Breaking down gender-specific barriers to trade in Africa
In many African countries, women are heavily engaged in trade. Often, female producers, traders and sellers have high aspirations. They want to increase their market or add more value to their products. However, women face specific barriers. For example, more women than men did not attend school as they were expected to do household chores. They find it difficult to read and fill out forms needed for transactions. Women also often face difficulties when trying to get a loan. They do not have collateral as they do not (co-)own the families’ assets. In other cases, it is socially unacceptable for women to travel alone to trade. Or they get sexually harassed by male officials.
Image: Ayitey Hammond
Due to these gendered constraints, more women than men trade informally. You might think that ‘informal’ means small or irrelevant. But in Africa, most trade in basic necessities such as food and small consumer goods is informal. Females play major roles in these trade flows. The importance of women’s roles in trade in Africa can therefore not be overstated.
Developing countries’ economic potential will be fully unleashed if gender-specific barriers to trade are eliminated.
Local governments and donors develop trade facilitation policies to foster trade to catalyse economic development. For example, they eliminate unnecessary bureaucracy and improve infrastructure. However, if they do not also target gender-specific barriers to trade and informal women traders, they are missing the point. A countries’ economic potential can only be fully unlocked if policies value the roles of women in trade and the informal economy. Moreover, economic development will only be socially sustainable if it is inclusive: if both women and men have equal opportunities to expand their trade.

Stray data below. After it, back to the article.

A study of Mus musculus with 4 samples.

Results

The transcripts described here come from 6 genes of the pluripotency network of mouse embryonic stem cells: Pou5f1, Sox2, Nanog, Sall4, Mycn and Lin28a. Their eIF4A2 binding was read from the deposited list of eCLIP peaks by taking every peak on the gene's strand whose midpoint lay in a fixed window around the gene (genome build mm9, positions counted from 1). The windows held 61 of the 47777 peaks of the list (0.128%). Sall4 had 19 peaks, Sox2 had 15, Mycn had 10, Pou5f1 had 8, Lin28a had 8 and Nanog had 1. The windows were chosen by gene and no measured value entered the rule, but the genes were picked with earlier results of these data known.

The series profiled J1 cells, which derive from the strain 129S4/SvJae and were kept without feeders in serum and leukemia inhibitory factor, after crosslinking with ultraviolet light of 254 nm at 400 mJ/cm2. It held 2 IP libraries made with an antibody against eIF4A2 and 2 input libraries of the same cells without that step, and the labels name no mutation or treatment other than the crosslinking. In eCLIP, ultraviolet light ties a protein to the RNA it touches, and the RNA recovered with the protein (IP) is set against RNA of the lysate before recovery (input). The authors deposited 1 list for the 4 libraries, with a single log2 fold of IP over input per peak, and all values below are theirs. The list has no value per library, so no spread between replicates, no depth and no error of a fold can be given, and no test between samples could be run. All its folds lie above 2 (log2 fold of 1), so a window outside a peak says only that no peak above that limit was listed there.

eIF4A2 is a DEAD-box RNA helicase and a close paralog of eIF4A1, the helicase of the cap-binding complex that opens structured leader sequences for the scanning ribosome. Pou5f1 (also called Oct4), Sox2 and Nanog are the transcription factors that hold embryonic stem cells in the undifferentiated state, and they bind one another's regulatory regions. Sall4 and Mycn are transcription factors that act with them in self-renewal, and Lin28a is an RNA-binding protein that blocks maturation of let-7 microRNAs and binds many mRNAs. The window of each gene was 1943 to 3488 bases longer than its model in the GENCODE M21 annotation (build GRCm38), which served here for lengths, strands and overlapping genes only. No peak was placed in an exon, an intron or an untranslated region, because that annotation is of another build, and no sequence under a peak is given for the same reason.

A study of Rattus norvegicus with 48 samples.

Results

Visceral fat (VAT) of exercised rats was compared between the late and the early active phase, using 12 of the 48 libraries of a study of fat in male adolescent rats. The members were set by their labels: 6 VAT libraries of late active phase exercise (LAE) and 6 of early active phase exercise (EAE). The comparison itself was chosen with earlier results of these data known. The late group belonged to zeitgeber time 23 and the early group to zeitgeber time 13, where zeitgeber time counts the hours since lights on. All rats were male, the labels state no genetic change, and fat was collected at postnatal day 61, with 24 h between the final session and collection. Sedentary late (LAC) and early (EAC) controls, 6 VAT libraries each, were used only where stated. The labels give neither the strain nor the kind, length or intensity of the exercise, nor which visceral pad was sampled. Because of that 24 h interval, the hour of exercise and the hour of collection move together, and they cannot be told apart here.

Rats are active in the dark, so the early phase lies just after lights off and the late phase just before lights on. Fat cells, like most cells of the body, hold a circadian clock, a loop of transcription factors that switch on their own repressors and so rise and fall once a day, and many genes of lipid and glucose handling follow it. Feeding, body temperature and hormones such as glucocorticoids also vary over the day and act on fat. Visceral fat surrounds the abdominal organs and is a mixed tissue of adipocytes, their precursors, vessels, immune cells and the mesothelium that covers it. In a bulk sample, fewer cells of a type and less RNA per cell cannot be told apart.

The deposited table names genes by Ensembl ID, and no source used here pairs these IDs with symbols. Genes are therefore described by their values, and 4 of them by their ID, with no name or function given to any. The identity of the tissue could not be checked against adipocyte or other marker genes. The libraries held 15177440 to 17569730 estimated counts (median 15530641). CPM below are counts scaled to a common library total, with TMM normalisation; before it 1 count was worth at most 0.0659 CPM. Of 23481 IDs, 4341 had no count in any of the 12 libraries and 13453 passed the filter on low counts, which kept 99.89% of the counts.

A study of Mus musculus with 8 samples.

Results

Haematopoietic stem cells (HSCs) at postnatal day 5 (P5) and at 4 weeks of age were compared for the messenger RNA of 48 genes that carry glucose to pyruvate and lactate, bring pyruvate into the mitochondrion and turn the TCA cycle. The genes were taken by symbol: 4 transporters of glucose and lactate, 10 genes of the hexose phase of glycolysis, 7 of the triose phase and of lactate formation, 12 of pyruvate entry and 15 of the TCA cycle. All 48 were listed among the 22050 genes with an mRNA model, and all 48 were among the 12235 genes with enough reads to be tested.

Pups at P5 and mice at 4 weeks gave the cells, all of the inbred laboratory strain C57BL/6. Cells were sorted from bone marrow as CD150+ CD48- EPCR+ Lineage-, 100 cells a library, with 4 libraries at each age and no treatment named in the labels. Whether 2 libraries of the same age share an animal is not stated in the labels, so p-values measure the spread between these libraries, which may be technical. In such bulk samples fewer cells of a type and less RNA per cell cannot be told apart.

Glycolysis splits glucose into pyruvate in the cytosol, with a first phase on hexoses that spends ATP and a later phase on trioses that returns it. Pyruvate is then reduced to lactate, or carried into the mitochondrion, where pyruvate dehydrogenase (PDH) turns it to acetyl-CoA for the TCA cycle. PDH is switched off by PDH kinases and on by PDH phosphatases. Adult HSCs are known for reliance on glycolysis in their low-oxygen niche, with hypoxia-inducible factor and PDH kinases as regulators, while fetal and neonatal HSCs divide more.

The Netherlands is committed to inclusive, sustainable economic development worldwide. Hence, the goal to move beyond gender-specific barriers to trade is at the heart of our trade facilitation policies. We also pay special attention to informal trade. In East Africa, for example, we cooperate with local partners in the Trade Mark East Africa programme. Gender sensitisation programmes for officials and simplified trade regimes and information desks have been successfully introduced at borders. Women can now trade much more easily across borders. And women have better access to loans and trainings via cooperatives. Cooperative member Maria from Rwanda is enthusiastic: “Ever since we formed a cooperative, we have seen increased capital for our businesses. We have increased the quantities we sell and our market has increased”.
Image: Anouk Baron
In West Africa, we also aim to facilitate trade in an inclusive way. A new regional trade facilitation programme will target and monitor progress on eliminating gender-specific barriers; both at borders and along key regional agricultural value chains. An example of an on-going successful initiative is the intercommunal public-private sector dialogue that was set up to facilitate informal cross-border trade between Benin and Nigeria. This initiative is complemented with a programme where buyers are connected to farmers, processors and traders. Women are now in a position to expand their trading activities, even across borders.
The road towards a world without gender-specific barriers to trade is long. But these initiatives offer great opportunities in support of Africa to be bold for change and break down barriers for women in trade.
Read more about the Dutch policy to promote trade facilitation and regional trade in developing countries.